Parks Associates asked 2,000 consumers, ages 18 and older about their buying habits in the consumer tech space. The study, which was conducted in late 2011, asked men and women which products they intend to buy before January 1, 2012. Retailer HSN announced the findings on Monday at the 2012 Consumer Electronics Show.
Women expressed more interest in tablets (18%), laptops (20%) and smartphones (20%). Only 15% of men planned to buy a tablet, while 14% sought a laptop and 17% intended to buy a smartphone.
The only category in which men surpassed female interest was flat screen LCD TVs, with men (19%) favoring the sets over women (17%).
The tech industry has long been dominated by men even at CES but women are really the powerhouse in the household driving purchase decisions, Jill Braff, executive VP of digital commerce for HSN, told Mashable. Women are highly engaged with the latest and greatest gadgets and technology.
The study also found that once a woman owns a product, it’s heavily used over time. Women engage in more digital media activities; including watching full length movies online, downloading music and uploading pictures to the Internet than men.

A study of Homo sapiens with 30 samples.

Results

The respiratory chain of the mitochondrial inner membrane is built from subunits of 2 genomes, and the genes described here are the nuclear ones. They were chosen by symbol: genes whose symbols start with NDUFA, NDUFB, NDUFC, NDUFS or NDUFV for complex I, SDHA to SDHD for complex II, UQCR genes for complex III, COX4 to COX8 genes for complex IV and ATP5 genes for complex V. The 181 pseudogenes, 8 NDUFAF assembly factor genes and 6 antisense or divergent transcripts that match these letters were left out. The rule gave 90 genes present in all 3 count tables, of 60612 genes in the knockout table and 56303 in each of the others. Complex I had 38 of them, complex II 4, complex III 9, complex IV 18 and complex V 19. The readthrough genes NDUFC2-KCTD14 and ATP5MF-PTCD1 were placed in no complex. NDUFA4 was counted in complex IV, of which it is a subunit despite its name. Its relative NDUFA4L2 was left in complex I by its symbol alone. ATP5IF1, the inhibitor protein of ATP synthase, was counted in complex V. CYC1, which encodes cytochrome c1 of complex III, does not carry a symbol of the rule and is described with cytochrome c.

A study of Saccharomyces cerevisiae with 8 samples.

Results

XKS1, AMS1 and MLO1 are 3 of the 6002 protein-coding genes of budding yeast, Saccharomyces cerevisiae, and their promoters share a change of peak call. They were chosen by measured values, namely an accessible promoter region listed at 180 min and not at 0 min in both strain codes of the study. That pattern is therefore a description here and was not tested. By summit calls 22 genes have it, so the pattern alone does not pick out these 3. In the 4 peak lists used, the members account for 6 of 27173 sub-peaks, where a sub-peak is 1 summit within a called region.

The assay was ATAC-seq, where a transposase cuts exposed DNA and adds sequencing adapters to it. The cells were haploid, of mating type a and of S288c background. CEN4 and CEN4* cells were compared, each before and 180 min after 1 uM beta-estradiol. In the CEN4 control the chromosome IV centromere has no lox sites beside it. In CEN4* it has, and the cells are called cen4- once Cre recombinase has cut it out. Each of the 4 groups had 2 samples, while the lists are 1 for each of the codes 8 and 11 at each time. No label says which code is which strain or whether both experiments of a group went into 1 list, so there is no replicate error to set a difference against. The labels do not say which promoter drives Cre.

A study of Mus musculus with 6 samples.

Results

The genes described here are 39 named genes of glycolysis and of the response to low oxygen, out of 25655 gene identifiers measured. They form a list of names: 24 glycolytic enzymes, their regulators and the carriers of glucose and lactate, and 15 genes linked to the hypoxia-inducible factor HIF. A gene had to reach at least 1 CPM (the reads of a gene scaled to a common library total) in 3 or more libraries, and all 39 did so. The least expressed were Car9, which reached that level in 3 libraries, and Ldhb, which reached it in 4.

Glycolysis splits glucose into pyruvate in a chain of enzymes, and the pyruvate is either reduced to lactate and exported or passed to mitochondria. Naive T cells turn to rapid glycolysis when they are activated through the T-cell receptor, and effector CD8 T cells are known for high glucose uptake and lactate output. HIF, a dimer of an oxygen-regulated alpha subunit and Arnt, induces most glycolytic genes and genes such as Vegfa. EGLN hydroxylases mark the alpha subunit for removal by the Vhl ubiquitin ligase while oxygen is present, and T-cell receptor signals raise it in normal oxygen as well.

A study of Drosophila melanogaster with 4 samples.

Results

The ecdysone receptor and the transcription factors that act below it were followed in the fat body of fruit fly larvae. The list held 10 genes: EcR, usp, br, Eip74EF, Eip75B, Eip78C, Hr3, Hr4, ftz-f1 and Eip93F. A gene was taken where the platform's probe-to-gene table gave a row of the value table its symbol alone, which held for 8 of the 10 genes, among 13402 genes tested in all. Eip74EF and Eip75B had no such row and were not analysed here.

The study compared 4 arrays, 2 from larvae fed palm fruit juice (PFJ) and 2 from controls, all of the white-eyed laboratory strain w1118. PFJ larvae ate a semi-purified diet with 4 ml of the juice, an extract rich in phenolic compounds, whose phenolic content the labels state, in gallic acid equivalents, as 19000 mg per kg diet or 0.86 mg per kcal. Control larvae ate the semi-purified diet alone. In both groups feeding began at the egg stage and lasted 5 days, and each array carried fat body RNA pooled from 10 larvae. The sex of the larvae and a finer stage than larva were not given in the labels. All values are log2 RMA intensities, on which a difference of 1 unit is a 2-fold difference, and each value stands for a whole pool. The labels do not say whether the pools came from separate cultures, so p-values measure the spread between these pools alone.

When it comes to deciding which electronic devices to buy, about 32% of women compared to 26% of men said ease of use was most important.
Women bought an average of 4.7 consumer electronics products in 2010, according to the study. Men purchased an average of 4.2 products. Meanwhile, 88% of women purchased any tech-related item in 2010, compared to 83% of men.
Women are also playing gaming consoles more than they were in previous years, especially on the Xbox 360 and Playstation 3, the study found. Women (54%) are most interested in social gaming with multi-players, compared to 45% of men. In addition, females are 40% more likely play games on Facebook.
“This is not surprising, Braff said. “Women love to communicate and interact with others and online entertainment is becoming an extension of that.
In addition, Braff noted that the most popular tech item purchased from HSN is a purple scanner.
“It’s not just about black, white and gray anymore, Braff said. It’s also not just about features it’s about simplicity, the seamless use of technology and how technology fits into your lifestyle.
Are you surprised that women buy more tech than men? Share your thoughts in the comments.